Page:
Frothy '8 Women' is a delicious French musical confection

Seattle Times movie critic

"8 Women"


***
With Catherine Deneuve, Isabelle Huppert, Emmanuelle Bart, Fanny Ardant, Danielle Darrieux, Virginie Ledoyen, Firmine Richard, Ludivine Sagnier. Directed by Franois Ozon, from a screenplay by Ozon and Marina de Van, based on the play by Robert Thomas. 113 minutes. Rated R for some sexual content. In French with English subtitles. Harvard Exit.

François Ozon's musical murder mystery "8 Women" is pure theatrical artifice — so much so that at the end, the eight-woman ensemble joins hands in a line, as if to take a curtain call.

It's a big puffy French pastry of a movie: light, airy, silly, not especially memorable, but delicious while it lasts.

"As the Snow Falls," or a similarly soapy French equivalent, might have been a more evocative title for this over-the-top melodrama. Eight women are stranded on a snowy 1950s night in a French country home; each is styled to within an inch of her life in colorful '50s kitsch; and each is a suspect in the murder of the patriarch of the household.

Was it his elegant wife, Gaby (Catherine Deneuve, with perfect coal-black '50s brows that elegantly punctuate her surprised expressions), whose love for her husband was questionable? Or his cranky sister-in-law Augustine (Isabelle Huppert, with hair so poufy she appears to be wearing a small sofa on her head)? Or his angelically pink-clad elder daughter, Suzon (Virginie Ledoyen, looking like Audrey Hepburn in a pointy bra), or perky younger daughter, Catherine (Ludivine Sagnier)? His wheelchair-bound mother-in-law (Danielle Darrieux)? His mysterious sister Pierrette (Fanny Ardant)? Or was it one of the domestics: the faithful longtime housekeeper Madame Chanel (Firmine Richard) or the seductive new maid Louise (Emmanuelle Béart)?

Of course, the mere presence of the sultry Béart pertly pouting in a French-maid costume should be enough to inspire unseemly beret-wearing and long lines at the box office. But Ozon (whose marvelous last feature, "Under the Sand," provided a showcase for Charlotte Rampling) clearly adores all eight of these women. And he's encouraged them to vamp for the camera, act to the rafters, shriek at fever pitch, heave their bosoms, totter about in stilettos, indulge in catfights (including one that turns erotic ... meeoooow, indeed), and have what looks to be the time of their lives.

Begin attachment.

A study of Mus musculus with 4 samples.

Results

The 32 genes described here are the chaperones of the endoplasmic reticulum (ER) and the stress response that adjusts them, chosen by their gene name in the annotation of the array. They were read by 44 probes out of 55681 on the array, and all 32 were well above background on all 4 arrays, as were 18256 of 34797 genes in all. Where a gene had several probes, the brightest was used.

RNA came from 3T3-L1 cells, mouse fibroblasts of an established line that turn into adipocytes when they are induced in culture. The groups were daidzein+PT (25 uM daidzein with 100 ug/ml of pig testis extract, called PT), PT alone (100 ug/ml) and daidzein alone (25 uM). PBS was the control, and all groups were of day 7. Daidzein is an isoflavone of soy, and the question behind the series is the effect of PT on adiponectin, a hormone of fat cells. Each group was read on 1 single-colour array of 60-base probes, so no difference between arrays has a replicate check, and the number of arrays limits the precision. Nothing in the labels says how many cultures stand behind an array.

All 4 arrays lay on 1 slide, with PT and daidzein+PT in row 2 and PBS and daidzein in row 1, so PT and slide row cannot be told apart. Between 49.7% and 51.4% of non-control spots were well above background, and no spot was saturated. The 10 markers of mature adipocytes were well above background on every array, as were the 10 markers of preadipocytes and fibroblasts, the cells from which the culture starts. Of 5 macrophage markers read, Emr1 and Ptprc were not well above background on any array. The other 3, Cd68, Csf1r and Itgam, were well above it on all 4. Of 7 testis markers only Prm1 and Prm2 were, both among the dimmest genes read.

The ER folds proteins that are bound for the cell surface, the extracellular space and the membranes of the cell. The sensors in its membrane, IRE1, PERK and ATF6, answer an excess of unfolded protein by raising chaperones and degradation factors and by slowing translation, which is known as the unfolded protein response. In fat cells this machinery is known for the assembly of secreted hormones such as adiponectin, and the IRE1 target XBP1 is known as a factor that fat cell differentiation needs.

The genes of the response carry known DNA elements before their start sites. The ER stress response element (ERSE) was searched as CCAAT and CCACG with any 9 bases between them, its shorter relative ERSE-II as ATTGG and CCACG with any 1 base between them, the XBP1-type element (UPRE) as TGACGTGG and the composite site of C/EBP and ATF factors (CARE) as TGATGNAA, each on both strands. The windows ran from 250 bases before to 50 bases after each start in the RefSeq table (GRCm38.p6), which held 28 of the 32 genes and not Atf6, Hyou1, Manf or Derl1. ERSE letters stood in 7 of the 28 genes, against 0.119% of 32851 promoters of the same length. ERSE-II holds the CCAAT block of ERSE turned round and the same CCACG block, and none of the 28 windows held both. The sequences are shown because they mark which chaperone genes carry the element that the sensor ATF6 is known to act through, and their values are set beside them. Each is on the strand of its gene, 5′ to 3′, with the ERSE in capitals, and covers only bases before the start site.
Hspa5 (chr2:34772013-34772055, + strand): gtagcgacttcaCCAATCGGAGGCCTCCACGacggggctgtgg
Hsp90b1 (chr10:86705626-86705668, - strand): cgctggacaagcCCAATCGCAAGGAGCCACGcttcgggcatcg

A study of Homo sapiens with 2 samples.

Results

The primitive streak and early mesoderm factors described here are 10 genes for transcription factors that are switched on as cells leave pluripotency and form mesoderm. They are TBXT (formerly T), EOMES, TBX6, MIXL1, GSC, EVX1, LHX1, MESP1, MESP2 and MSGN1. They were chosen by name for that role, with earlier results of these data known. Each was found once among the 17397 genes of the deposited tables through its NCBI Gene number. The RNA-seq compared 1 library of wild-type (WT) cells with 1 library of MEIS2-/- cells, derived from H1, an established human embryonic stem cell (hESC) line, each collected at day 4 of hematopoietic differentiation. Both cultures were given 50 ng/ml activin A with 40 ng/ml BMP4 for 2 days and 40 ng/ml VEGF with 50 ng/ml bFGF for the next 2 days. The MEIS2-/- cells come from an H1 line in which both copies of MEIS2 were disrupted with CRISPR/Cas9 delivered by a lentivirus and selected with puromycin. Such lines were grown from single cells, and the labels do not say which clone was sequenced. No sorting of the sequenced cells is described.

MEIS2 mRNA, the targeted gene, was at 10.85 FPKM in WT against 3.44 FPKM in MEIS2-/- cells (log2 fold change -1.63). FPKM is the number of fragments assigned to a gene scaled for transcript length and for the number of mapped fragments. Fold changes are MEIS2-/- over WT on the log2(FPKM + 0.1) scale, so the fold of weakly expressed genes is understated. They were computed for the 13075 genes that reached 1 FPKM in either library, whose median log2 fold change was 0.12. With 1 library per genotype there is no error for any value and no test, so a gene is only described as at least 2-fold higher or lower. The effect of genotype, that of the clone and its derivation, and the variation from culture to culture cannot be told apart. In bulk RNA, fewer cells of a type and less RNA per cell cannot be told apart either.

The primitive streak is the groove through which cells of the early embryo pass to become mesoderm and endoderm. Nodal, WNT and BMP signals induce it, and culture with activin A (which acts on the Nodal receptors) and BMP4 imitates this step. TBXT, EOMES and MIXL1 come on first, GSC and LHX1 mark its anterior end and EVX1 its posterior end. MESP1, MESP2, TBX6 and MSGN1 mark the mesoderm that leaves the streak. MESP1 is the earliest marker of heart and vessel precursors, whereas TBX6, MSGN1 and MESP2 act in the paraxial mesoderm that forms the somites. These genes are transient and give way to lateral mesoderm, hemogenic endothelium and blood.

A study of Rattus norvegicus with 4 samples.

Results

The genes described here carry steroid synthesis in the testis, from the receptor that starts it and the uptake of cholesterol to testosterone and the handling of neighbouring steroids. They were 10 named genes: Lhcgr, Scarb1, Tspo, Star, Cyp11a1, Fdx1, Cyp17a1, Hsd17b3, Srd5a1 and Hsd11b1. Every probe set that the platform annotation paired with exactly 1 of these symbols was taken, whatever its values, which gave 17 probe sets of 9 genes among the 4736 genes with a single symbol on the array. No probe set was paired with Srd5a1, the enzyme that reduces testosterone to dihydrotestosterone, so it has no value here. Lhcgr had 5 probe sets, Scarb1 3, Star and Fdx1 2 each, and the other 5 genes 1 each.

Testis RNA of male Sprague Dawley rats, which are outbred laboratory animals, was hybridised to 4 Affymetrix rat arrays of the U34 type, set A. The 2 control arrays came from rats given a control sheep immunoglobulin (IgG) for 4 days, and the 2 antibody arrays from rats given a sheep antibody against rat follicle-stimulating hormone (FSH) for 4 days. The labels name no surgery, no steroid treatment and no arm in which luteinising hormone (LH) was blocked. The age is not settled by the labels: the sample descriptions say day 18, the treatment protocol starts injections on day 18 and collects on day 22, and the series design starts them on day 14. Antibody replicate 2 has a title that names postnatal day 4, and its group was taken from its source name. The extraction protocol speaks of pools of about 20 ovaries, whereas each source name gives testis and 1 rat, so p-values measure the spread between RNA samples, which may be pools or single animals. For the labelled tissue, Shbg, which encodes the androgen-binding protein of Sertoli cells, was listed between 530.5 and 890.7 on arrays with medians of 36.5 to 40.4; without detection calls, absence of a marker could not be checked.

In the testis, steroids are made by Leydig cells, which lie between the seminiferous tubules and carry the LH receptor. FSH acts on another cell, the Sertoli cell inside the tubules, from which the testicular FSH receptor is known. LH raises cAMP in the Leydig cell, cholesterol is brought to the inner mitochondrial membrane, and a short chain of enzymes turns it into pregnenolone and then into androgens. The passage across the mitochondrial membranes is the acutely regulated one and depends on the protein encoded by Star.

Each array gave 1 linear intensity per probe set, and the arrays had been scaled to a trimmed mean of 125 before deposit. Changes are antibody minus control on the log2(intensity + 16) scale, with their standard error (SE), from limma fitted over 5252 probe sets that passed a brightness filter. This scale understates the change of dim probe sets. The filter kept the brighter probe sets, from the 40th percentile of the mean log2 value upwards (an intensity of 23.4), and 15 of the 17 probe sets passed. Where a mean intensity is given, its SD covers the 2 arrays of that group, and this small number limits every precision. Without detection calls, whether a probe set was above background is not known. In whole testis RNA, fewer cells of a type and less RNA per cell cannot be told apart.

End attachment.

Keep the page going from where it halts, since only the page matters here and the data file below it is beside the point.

The musical numbers — there are eight, with each actress doing her own singing — are rearranged versions of French pop songs, mostly from the '60s. As in Woody Allen's "Everyone Says I Love You," having the cast perform their own songs inspires mixed results — Deneuve, in particular, looks a bit uncomfortable — but awkward charm abounds. Ledoyen bounces enthusiastically through her number, and Darrieux, a grande dame of French cinema, does lovely work with her sad ballad.

Inspired by the excesses of '50s cinema, both American (Douglas Sirk's melodramas and MGM's Technicolor musicals both readily come to mind as inspirations) and French, "8 Women" is froth personified.

There's little or no message here; it's a goofy experiment in style. When Ardant makes her entrance, swathed in a black trenchcoat and enough crimson lipstick to paint an entire town red; or the two young daughters, in sherbet colors, vamp their way through a song; or Huppert, in cat's-eye glasses, trumpets "NEVER!" — well, merci pour les bonbons, Monsieur Ozon.

Moira Macdonald: 206-464-2725 or mmacdonald@seattletimes.com.